Ingredient splitting is one of the pet food industry’s most misleading marketing practices.
Dog food companies deny any wrongdoing. They claim they’re simply following Federal labeling guidelines.
Yet perceptive shoppers cry foul.
They insist ingredient splitting is a deliberate attempt by pet food companies to mislead consumers… and a deceptive trick designed to make an ingredients list look more attractive to potential buyers.
What Is Ingredient Splitting?
Ingredient splitting is the creative practice of dividing a more abundant (inferior) ingredient into smaller portions of similar items.
It’s a sneaky way to artificially boost a more desirable item (like meat) to a higher spot on the ingredients list… while lowering the ranking of a less desirable item (like rice or corn).
And it’s all completely legal.
Here’s How It Works.
Let’s say you have a dog food in which corn and rice are the main ingredients in the recipe.
Because grains are less appealing to a dog food shopper than meat, designers are compelled to lower the positions of non-meat items on the ingredients list.
Keep in mind…
Pet food manufacturers are required by law to arrange each item on every ingredients list in order of its precooking weight.
Check out this example…
Notice that corn and rice rank #1 and #2… before ingredient splitting.
What happens if we “split” the first two items on the list into smaller portions of similar ingredients?
With that goal in mind…
Let’s divide corn into smaller amounts of corn meal and corn flour… and let’s split the rice into smaller portions of brown and white rice.
And like magic…
Even though the amount of chicken meal remains unchanged, it’s now been raised to the first position on the ingredients list.
Avoid ‘The First Ingredient’ Trick.
Can you see how a dog food company could use ingredient splitting to mislead shoppers?
Here’s a real life example.
Have you ever noticed a dog food package boasting, “meat is the first ingredient”?
It’s easy for a pet food shopper to misunderstand this claim.
Do the words, “Chicken is the #1 ingredient” mean chicken is the most plentiful ingredient in the recipe?
Or do they mean that the food’s designer was able to successfully use ingredient splitting to manipulate the order of the list?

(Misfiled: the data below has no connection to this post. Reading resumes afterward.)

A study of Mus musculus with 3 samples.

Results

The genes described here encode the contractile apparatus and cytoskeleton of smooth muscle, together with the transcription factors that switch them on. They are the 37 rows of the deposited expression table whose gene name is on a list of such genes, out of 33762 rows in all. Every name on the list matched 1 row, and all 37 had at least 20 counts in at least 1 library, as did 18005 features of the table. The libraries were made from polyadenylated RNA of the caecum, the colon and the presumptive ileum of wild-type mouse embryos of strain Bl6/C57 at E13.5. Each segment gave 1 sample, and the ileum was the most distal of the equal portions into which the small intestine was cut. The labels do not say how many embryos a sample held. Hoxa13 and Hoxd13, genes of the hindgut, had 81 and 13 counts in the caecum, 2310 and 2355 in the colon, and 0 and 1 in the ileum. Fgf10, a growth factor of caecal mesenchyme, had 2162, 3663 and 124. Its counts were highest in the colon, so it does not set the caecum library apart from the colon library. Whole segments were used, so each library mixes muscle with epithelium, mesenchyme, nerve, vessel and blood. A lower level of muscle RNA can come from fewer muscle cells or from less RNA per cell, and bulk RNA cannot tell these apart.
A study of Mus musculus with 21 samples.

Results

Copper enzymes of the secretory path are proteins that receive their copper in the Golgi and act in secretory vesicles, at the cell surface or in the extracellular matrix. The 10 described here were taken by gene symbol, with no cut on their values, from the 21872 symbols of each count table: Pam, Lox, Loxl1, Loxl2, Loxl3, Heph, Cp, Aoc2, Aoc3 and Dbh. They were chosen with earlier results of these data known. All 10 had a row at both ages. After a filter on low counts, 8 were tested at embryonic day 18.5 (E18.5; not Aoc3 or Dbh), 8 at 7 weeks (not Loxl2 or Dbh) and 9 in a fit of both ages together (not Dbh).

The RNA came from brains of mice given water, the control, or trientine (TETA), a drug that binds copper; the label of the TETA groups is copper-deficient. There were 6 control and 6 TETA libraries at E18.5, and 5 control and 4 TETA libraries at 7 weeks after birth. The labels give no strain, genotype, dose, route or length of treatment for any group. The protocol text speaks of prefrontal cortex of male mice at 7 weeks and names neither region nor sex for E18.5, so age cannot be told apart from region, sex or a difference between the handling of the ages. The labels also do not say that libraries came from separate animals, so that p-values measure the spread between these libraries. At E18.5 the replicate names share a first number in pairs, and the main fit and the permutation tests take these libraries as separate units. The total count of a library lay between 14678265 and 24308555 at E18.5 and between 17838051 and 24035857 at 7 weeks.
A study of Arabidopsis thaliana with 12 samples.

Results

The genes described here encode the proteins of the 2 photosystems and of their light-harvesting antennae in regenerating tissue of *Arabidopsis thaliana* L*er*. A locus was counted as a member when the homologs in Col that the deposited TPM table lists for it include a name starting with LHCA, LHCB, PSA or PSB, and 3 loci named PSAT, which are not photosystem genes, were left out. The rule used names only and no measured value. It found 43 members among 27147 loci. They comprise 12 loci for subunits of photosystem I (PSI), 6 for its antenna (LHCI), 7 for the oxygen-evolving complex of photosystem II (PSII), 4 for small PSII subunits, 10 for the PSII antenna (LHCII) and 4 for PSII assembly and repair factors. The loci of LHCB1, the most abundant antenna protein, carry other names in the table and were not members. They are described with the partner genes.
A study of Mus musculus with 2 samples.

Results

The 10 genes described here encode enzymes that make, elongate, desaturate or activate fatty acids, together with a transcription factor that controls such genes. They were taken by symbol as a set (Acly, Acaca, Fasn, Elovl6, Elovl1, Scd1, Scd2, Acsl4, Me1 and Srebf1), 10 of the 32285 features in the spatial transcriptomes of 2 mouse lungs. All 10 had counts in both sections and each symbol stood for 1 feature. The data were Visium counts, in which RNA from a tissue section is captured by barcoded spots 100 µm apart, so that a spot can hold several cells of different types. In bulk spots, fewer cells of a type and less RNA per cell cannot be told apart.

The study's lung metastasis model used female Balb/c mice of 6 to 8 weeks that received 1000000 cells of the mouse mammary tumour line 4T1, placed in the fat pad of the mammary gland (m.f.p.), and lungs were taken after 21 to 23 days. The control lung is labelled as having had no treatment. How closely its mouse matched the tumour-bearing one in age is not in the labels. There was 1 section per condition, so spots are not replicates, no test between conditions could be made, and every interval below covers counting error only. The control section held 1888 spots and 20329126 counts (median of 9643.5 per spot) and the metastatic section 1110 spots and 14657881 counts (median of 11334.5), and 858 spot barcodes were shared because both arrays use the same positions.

Do they mean chicken is the first ingredient because the recipe actually contains a generous amount of chicken meal?
The Bottom Line.
Ingredient splitting is neither good… or bad.
Unless a company chooses to use ingredient splitting to mislead consumers.
Don’t place excessive value on claims that meat is the first ingredient. Keep in mind, ingredients can be manipulated to change their order.
Which is why…
The first 5 ingredients in any recipe tend to provide a much more accurate picture of a pet food’s actual content.
What to Look for?
When searching for ingredient splitting, follow these suggestions:
1. Ingredients matter. Begin every dog food evaluation with the label. After all, how could any food be magically better than the ingredients that were used to make it?
2. Don’t overvalue the first ingredient. Ignore scammy claims. Instead, consider the healthiest and most plentiful components at the top of the recipe.
3. Study the first 5 ingredients to determine the most abundant items in any dog food formula.
4. Look for evidence of ingredient splitting. Be skeptical when you find multiple versions of similar ingredients clustered together near the top of the list. For example, if you find white rice, brown rice and rice flour included in the first 5 items of a recipe, you can be fairly certain the main ingredient in the food is not meat.